Tuesday, November 13, 2012

Building one of the fastest networks in the world - for one week only

Salt Lake City plays host to SC12. Image courtesy Kla4067, Flickr.

This week, the iSGTW team is in Salt Lake City for SC12: 'The International Conference for High Performance Computing, Networking, Storage and Analysis'. The event is undoubtedly one of the highlights of the industry calendar and is expected to attract over 10,000 attendees. Of course, organizing any event of this size is going to present some serious logistical challenges, but when you've got attendees giving demonstrations of some of the latest innovations in high performance computing applications, then these challenges take on a whole new level of difficulty – particularly when it comes to networking.

The solution? It's simple really: just build one of the fastest networks in the world for the week (they don't do things by half measures here). The network, called SCinet has a huge 790 gigabits of capacity and is the result of hard work and contributions from many government, research, education and corporate collaborators who have volunteered time, equipment, and expertise to making the network a success. Over 100 engineers have volunteered their time over the past year to plan and build SCinet, using nearly $28m-worth of donated equipment. SCinet worked in partnership with the Utah Education Network and the University of Utah to deploy the local infrastructure needed to support the network, including acquiring access to miles of fiber-optic cable in the Salt Lake metropolitan area.

"SCinet is the primary platform for SC exhibitors to demonstrate the most cutting edge high performance computing applications and collaborations. We support their requirements by building a sophisticated on-site network that links the exhibit floor to the largest and fastest research networks around the world," says Linda Winkler, senior network engineer at Argonne National Laboratory and chair of SCinet for SC12.

"As science continues to demand more data intensive and distributed computing – networks play an important role. SCinet allows the networking community to work closely with scientists to show researchers at SC firsthand how advanced network technologies can help accelerate science. Unlike typical Internet traffic, scientific workflows tend to demand high capacity network links for long duration large data flows. The SCinet infrastructure was architected to meet these demanding requirements." This year, SCinet is also providing an experimental testbed called the SCinet Research Sandbox (SRS), which allows researchers to showcase disruptive network research using emerging technologies like 100-gigabit-per-second circuits as well as OpenFlow technology.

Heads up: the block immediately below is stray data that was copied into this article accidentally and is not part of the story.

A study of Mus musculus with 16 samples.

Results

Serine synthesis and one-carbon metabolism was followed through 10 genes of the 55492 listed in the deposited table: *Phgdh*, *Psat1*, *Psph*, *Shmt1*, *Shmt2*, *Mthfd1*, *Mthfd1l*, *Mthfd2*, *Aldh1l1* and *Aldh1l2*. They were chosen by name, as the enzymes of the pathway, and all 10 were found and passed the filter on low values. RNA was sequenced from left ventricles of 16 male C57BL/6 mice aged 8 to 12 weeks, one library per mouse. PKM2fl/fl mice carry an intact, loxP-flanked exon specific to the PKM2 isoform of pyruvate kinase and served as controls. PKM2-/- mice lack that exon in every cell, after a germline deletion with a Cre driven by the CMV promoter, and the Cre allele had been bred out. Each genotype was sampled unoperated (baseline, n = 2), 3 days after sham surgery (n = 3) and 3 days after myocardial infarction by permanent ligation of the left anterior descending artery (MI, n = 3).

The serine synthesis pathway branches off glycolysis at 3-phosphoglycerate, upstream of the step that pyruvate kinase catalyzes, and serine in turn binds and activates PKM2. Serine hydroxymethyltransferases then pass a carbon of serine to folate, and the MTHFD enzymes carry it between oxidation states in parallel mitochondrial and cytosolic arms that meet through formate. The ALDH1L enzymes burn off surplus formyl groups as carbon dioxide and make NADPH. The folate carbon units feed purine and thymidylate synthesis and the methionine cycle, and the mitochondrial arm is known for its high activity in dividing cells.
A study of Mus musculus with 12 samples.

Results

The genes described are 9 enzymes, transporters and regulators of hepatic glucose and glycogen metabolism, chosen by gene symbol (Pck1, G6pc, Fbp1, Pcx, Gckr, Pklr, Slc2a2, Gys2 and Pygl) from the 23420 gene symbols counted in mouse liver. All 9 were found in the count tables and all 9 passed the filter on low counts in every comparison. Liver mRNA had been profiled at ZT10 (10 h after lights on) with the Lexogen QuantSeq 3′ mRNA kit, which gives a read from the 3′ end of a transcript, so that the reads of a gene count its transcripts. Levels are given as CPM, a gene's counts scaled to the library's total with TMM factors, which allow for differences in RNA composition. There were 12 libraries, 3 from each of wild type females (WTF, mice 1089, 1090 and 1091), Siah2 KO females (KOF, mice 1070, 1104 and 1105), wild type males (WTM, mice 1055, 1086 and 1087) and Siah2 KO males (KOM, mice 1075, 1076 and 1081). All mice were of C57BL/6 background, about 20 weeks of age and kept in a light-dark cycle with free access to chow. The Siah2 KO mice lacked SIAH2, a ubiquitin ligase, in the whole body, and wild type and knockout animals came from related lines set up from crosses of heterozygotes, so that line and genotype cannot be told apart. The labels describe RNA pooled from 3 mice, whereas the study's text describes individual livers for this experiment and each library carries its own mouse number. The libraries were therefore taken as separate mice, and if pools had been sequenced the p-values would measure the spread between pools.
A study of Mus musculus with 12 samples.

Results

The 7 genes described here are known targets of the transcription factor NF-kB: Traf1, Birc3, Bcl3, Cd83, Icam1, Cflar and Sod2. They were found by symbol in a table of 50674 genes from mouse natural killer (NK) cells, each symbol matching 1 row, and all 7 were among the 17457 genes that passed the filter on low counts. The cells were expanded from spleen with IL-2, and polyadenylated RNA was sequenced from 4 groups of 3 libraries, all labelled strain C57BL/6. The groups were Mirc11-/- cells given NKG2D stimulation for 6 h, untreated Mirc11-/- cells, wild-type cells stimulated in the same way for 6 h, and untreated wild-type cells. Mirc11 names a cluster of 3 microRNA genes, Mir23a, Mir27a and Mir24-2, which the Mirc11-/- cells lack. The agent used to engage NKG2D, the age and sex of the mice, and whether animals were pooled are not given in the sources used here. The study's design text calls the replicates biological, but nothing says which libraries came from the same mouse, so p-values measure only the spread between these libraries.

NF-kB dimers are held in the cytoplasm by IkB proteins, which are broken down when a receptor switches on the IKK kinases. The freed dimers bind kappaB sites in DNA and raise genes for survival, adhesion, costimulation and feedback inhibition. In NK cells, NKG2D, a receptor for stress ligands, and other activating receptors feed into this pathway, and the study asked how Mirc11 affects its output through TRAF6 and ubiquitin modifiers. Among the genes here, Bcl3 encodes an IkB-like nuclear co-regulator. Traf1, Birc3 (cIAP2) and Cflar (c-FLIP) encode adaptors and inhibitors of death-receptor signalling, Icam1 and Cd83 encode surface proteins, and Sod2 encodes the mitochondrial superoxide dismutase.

“In addition to supporting the extreme demands of the HPC-based demonstrations that have become the trademark of the conference, SCinet also seeks to foster and highlight developments in network research that will be necessary to support the next-generation of science applications,” says Brian Tierney, SRS co-chair for SC12 and head of ESnet’s Advanced Network Technologies Group. “Both 100 Gbps networking and OpenFlow have become some of the most influential networking technologies of this decade. SRS allows the community to showcase innovations on these platforms while in their infancy to demonstrate the impact they may have on the entire HPC community in the future.”

One of the seven projects selected as part of the SRS program this year is a demonstration of how data produced by the Large Hadron Collider (LHC) at CERN is analyzed using the Worldwide LHC Computing Grid (WLCG). The session, entitled 'Efficient LHC Data Distribution across 100Gbps Networks', will provide a demonstration of how state-of-the-art data movement tools enable high-throughput distribution of the approximately 25 petabytes of data the LHC produces annually. The demo will interconnect three major WLCG Tier-2 computing sites and the SC12 show floor using 100-gigabit-per-second technology.

More information on this and the other projects selected for demonstrations on the SRS is available on the SC12 website.